ELEVEN MONTHS AGO, when Gen. Alexander Haig was nominated by Mr. Reagan to be secretary of state, the rap against him was different. It was--and we know this because we shared the apprehension ourselves--that Gen. Haig was all office- political, bureaucratic skills and no substance. The man (the analysis ran in its most acute and unfriendly form) had got where he was strictly by a devilishly clever gift for manipulating his professional peers and betters, but there was no evidence that he had any good or comprehensive or even serviceable ideas about how to conduct foreign policy.

Well. We would like here and now to amend that view: it seems to us today, just about one full year later, that the pre-confirmation hearing analysis was upside down. In the past several months, while the Reagan administration in general and Mr. Haig in particular have done plenty of things abroad you could wonder and worry about, Mr. Haig nonetheless has shown much more talent for grappling with the substantive issues of policy than most of the others have. But it is, unfortunately, also much more talent than he has shown for grappling with the people, whoever they are, who keep pulling the chair out from under him as he is about to sit down. We don't like to deal in absolutes, but we can't help ourselves here: Alexander Haig, far from being the four-star Rasputin of common imagery, strikes us as being instead very possibly the worst and most inept and self-destructive office-politician we have ever seen in Washington. By now he may actually have done himself in.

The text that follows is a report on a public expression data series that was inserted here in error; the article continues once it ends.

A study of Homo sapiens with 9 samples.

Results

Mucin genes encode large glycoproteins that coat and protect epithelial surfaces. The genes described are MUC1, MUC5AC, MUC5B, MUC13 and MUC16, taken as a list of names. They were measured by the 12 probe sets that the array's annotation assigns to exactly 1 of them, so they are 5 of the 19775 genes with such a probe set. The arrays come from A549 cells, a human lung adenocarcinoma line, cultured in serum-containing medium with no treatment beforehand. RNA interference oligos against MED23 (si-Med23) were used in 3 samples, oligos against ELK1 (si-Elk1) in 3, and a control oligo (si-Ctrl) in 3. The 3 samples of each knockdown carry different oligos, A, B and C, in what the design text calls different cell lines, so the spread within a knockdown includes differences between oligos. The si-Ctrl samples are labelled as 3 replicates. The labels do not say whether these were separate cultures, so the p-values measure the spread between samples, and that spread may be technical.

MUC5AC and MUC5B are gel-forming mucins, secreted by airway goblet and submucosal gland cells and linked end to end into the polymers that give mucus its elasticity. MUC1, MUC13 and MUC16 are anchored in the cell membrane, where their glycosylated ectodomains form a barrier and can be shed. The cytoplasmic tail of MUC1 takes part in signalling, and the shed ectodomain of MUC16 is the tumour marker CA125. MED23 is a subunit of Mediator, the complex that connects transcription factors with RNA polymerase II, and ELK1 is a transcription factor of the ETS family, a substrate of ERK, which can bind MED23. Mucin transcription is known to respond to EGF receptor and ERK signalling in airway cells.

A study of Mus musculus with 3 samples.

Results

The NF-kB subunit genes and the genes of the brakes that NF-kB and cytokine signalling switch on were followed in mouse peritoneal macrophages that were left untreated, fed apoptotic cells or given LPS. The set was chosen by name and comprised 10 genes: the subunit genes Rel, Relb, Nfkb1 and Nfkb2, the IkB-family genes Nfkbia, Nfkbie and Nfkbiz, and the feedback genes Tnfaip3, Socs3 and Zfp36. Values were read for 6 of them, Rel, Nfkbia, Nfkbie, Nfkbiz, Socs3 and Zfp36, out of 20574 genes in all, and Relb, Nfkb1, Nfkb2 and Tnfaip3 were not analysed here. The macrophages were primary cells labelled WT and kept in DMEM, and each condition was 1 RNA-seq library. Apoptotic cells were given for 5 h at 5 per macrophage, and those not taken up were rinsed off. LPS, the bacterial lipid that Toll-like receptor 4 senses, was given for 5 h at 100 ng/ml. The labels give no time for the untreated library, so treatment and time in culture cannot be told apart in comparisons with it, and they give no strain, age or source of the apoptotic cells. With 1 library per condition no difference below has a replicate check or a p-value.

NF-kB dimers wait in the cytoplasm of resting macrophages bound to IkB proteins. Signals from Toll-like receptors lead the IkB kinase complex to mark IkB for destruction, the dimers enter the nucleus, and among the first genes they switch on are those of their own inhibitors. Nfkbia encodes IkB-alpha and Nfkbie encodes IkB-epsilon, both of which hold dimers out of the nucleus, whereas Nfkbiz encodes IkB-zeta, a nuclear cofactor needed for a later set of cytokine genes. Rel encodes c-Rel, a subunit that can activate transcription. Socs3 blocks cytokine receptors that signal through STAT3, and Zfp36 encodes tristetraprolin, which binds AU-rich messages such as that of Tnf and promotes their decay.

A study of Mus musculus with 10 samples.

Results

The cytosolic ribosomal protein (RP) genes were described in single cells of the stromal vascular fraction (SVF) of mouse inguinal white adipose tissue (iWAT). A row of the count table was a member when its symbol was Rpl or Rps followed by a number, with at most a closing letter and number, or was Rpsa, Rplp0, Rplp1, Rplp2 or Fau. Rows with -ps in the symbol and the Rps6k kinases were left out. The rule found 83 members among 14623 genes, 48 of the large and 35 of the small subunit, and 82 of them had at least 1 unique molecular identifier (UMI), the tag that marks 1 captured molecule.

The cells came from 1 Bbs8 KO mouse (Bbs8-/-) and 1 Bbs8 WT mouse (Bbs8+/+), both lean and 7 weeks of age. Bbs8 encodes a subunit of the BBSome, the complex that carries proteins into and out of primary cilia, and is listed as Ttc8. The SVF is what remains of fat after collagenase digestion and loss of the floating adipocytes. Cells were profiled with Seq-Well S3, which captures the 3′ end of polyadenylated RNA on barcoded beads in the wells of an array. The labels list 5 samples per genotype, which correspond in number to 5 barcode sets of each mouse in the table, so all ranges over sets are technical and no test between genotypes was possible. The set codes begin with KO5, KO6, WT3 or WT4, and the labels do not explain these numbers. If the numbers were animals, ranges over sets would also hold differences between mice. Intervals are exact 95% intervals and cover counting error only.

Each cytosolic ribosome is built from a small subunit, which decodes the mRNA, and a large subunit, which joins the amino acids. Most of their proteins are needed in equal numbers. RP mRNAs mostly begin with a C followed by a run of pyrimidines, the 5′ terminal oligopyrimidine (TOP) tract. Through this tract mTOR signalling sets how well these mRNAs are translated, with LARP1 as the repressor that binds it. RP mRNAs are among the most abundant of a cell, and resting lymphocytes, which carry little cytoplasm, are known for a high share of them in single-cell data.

We say this believing all the while that these pitched battles among the members of a president's national security "team," which occur in every administration, are not necessarily, in themselves, useful indicators of how poorly or well policy is being conducted. They can be overstated; they engage more attention than they deserve because they provide so much purely wicked fun for those of us not involved in them; it is much more agreeable to pass half an hour, after all, pondering the latest mortar exchanges among the competitors at the White House, Defense and State than it is, say, to contemplate the merits of their stand on poor countries' access to credit. But even when you have said all this you are left with an obdurate fact: Secretary Haig, in this episode and the others that preceded it, has demonstrated a degree of pettishness, sensitivity and rage on matters concerning his own reputation and place in the room that have damaged him severely.

That there are folks taunting and tormenting him in the Reagan administration is known to be true-- but so what? Surely such fragging goes with the territory, and nothing that has been done to Mr. Haig by his antagonists could have been nearly so harmful to his capacity to do his job and do it well as his own almost incredible responses. He has reacted and dragged others, including the president, into reacting to affronts and various acts of malice that he either should have ignored or dealt with privately, quickly and firmly. He seems also to have invented some affronts and, by his own particular manner of exercising power, to have invited others that his antagonists hadn't even thought of until he gave them cause. This is the sad part. We don't have a prediction to make, but it does seem to us that Mr. Haig has, in these reactions, created a situation that he can no longer control and which may well get him in the end.